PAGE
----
Tue, 4 Jul 2017

RELATIONSHIP BREAKDOWN - DO YOU NEED TO LODGE A CAVEAT?

Where there has been a relationship breakdown and there is real property involved (for example the matrimonial home or an investment property), then depending on how the property is held by the parties, a caveat may need to be lodged over the property to protect your rights and interests in it before your ex has a chance to sell or further encumber the property without your knowledge.

If you are not listed on the title to the property as a registered owner, then there is a risk that the registered owner can sell the property or encumber the property (by way of loan/mortgage) without your consent. 

Accordingly, if you are the ‘other party’, and have an interest in the property despite not being registered on the title, it is vital that you obtain legal advice about lodging a caveat as soon as possible.

A caveat is a legal document which is lodged and registered with the Titles Office and it acts as a ‘stop’ between the property and the ability for the registered owner (or others) to sell the property, or further encumber it (by way of loan/mortgage) without your consent or knowledge.

While the caveat remains in place, the Titles office will not accept any further dealings for lodgement over the property, and therefore any equity or interest in the property remains untouched until a final decision or arrangement can be made or agreed to.  An agreement can be reached by way of consent between the parties as a result of property settlement negotiations, or a decision in respect of the property can be made by court order.  A caveat can also lapse if certain procedures are not followed correctly after the caveat has been lodged, or indeed if there are errors contained in the caveat document itself.  Once a caveat has been registered, it remains valid for three months only before it will lapse, and to keep it on foot, court proceedings must be commenced during this time and served on the Titles department.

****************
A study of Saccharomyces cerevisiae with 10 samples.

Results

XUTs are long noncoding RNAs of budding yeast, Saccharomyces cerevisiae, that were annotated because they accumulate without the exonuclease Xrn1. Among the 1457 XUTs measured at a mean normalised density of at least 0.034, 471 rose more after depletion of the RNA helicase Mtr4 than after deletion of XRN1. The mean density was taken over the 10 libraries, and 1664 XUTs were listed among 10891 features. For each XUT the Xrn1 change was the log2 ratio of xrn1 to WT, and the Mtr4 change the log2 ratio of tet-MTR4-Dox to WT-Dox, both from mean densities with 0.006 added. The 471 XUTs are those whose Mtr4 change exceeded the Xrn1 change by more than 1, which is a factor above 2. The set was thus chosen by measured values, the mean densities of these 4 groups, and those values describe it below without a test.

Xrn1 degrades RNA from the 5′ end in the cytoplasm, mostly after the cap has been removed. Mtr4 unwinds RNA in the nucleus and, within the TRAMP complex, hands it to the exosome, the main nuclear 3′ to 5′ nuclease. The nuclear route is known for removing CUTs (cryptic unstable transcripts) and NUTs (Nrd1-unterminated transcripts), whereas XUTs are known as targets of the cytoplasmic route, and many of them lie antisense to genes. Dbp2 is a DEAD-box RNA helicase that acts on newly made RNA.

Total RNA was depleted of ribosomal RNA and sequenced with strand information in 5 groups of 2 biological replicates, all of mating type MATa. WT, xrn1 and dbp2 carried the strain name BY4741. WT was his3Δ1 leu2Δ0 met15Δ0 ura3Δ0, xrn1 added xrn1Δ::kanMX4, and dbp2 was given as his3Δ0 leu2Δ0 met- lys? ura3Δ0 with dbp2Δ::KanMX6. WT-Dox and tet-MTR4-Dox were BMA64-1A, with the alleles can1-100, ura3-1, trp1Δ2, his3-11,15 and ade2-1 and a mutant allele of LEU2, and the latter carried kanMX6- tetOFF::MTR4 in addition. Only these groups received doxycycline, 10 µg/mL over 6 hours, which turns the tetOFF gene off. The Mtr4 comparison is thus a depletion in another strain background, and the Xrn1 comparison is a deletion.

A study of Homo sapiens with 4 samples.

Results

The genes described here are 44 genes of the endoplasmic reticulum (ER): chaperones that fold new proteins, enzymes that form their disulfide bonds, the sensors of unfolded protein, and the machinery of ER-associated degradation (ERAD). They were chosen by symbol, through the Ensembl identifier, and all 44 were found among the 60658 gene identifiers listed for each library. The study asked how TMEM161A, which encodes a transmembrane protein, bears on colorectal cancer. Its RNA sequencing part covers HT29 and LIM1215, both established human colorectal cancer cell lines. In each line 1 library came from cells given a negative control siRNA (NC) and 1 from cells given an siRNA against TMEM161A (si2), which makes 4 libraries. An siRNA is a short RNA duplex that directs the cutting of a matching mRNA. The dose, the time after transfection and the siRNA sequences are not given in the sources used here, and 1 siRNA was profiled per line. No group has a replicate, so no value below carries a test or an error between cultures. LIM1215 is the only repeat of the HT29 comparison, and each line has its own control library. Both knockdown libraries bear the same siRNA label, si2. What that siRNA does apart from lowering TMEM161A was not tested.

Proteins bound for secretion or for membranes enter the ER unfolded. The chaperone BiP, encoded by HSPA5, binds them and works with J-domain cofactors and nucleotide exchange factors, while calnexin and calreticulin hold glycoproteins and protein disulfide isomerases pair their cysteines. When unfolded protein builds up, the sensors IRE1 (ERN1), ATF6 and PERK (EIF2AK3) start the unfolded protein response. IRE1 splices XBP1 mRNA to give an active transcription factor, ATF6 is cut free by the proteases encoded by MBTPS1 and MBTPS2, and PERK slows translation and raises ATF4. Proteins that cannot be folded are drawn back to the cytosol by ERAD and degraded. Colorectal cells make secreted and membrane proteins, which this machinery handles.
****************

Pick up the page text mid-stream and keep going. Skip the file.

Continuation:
Once proceedings have been commenced, the caveat usually remains in place until an agreement is reached by the parties or a court order.

It is vitally important that legal advice is sought as soon as possible after separation to ensure that your rights and entitlements are protected, and to avoid an expensive court battle if you find out too late that your real property has been sold out from under you. 

Our experienced, professional and friendly family law team at Affinity Lawyers are ready to assist you in relation to all family law matters, so please feel free to contact us today to arrange your appointment on 5563 8970.